Can tsiperifery replace black pepper on our tables?
A relatively unheard of variety of pepper is growing in popularity among chefs. Could this citrusy variety replace black pepper on our dinner tables?
A wild pepper called tsiperifery has been winning over food connoisseurs around the world.
In France, Michelin-stared chef Anne-Sophie Pic likes to use the pepper with chocolate desserts.
In the US, celebrity chef Wolfgang Puck has written about it in his cookbooks and in the UK, you can now buy tsiperifery in the finest spice stores.
In Madagascar, where it comes from, I was served a fillet steak with tsiperifery sauce.
I found the tsiperifery stronger than normal pepper.
Its heat lingers in my mouth and there's an acidic, citrus taste.
My dish was cooked by chef Hary Liva Rakotondravelo from La Varangue, one of the best-known restaurants in Madagascar's capital Antananarivo.
Mr Rakotondravelo told me he has customers who come regularly to the restaurant just for the tsiperifery dish.
Until five years ago the pepper was almost completely unheard of internationally.
Consumption is still very, very limited.
Even in Madagascar, people don't use the pepper extensively. Mr Rakotondravelo, however, thinks it has potential.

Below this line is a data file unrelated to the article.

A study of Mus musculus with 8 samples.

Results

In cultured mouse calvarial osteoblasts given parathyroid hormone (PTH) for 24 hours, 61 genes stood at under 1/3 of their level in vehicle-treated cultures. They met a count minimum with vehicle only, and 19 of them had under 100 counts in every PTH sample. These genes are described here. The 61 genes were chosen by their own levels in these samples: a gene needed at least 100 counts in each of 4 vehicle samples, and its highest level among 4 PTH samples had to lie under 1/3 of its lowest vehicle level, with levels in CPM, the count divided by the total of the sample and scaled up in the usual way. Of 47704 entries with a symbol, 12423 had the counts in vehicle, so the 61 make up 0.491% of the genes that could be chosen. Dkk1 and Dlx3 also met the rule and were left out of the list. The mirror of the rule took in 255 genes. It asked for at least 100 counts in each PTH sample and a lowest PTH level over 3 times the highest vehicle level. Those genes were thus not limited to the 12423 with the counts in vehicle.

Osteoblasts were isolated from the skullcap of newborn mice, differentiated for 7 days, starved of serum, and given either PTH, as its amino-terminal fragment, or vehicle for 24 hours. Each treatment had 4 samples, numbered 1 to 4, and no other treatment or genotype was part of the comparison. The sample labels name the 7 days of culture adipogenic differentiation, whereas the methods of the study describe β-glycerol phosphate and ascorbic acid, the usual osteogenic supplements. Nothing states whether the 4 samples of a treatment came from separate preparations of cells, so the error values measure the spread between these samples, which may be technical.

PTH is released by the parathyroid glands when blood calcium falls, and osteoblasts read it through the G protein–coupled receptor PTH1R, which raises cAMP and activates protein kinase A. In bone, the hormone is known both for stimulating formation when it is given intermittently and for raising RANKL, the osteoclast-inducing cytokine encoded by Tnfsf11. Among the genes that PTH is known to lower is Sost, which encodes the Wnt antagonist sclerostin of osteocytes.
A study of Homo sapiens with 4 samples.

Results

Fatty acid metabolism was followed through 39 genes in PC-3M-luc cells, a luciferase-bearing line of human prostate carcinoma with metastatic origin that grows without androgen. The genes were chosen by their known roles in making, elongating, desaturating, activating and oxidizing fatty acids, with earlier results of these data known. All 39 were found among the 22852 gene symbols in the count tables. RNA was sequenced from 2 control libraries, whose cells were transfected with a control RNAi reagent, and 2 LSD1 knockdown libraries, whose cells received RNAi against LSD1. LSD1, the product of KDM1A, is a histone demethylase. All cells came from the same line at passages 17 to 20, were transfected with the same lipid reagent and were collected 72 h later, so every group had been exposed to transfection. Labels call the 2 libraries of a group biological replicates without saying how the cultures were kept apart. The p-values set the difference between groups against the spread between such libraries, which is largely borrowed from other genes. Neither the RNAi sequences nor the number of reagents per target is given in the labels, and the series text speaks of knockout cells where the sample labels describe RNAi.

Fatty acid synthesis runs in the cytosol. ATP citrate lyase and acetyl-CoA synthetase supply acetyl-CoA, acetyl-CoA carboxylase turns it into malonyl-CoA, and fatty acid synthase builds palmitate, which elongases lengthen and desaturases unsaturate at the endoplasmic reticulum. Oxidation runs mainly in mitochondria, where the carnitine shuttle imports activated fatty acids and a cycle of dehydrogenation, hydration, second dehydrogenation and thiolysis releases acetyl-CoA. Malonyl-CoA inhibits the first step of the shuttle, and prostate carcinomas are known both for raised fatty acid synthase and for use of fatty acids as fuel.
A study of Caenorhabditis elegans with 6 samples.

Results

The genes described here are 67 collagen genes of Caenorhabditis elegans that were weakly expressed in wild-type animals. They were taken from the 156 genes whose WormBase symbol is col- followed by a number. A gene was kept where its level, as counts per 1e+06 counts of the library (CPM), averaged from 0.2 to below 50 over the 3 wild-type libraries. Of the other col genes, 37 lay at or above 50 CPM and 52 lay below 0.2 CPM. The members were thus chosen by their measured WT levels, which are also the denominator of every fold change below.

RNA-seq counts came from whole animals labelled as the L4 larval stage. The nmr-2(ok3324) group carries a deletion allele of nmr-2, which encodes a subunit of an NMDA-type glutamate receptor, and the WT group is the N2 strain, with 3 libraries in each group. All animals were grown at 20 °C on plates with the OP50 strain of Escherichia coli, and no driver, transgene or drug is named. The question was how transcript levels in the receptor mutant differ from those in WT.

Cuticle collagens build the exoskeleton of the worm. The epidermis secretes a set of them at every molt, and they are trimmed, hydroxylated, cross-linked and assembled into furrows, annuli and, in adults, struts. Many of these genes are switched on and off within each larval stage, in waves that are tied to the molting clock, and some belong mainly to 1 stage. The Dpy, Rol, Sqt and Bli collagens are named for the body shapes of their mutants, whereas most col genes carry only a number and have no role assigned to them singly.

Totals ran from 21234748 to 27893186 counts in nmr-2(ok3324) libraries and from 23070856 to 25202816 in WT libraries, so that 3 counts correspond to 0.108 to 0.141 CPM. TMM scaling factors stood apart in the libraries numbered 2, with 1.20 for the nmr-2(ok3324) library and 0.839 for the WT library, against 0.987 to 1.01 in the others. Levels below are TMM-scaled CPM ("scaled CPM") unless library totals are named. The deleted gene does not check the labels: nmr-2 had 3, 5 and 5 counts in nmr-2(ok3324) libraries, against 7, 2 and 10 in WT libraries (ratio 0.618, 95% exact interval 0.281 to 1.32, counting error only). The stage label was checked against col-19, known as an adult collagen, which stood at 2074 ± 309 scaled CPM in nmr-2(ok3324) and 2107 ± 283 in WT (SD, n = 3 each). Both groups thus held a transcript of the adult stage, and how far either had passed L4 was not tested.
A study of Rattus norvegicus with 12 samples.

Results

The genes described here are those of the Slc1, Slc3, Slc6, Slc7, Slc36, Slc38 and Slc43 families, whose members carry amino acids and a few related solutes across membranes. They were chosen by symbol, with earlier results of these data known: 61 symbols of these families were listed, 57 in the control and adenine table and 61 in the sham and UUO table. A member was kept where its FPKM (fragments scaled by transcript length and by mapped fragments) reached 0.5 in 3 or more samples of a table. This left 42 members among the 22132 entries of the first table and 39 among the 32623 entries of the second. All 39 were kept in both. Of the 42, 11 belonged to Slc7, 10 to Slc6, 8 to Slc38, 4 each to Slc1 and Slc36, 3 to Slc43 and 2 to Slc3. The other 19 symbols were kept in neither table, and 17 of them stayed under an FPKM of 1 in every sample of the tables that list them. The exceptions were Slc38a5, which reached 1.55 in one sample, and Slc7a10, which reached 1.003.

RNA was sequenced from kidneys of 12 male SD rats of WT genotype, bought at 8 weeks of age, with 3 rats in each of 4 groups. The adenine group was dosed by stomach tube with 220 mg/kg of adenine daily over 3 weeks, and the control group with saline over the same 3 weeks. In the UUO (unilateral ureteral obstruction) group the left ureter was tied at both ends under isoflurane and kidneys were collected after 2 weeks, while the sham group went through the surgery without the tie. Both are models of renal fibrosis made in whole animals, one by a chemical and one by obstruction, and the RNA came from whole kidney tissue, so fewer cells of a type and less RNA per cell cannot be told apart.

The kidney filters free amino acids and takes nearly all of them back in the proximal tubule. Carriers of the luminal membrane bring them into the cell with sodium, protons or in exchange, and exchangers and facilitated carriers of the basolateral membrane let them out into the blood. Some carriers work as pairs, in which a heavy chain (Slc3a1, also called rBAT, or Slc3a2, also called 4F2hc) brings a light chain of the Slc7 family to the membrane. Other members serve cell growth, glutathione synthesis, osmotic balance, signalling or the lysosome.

He is not the only one.
What is tsiperifery?
- Pronounced tsee-pear-fair
- Grows on vines up to 20m high
- Found in Madagascar
- Has a citrusy, hot taste
Olivier Ramaherison believes that one day tsiperifery could be on every table around the world, much like ordinary black pepper is today.
"You have to try it with cheese, with strawberries. With fish it's amazing," he enthuses.
He has big plans for the pepper.
He has started Madagascar's first tsiperifery farm.
He is planting tens of thousands of seedlings in his forest.
"It's going to be a kind of semi-domestication," he said.
Tsiperifery grows on a vine so the plan is the seedling he has planted will use the trees as support.
And, if it works, Mr Ramaherison's plan may help save the tsiperifery plant itself.
That's because at the moment people who collect it in the wild sometimes cut down the whole vine to get the pepper.
The vines can grow up to 20m (66ft) high - it's a long dangerous climb that many would rather avoid.
Instead, Mr Ramaherison will keep his vines in check at around 2.5m high, making the grains much easier to harvest without cutting the vine.
He also intends to employ people who would otherwise cut down wood for charcoal - which should protect the island's forest.
That's not the end of his plans.
As he looked over the 440 hectares of his hilly forest, he told me that he hopes to control the whole tsiperifery market.
"We're going to be like the Opec of tsiperifery," he said, referring to the organisation that controls oil production.
But first he has to wait for his first yield.
He only started work three years ago and the first plants could take five years or more to produce fruit.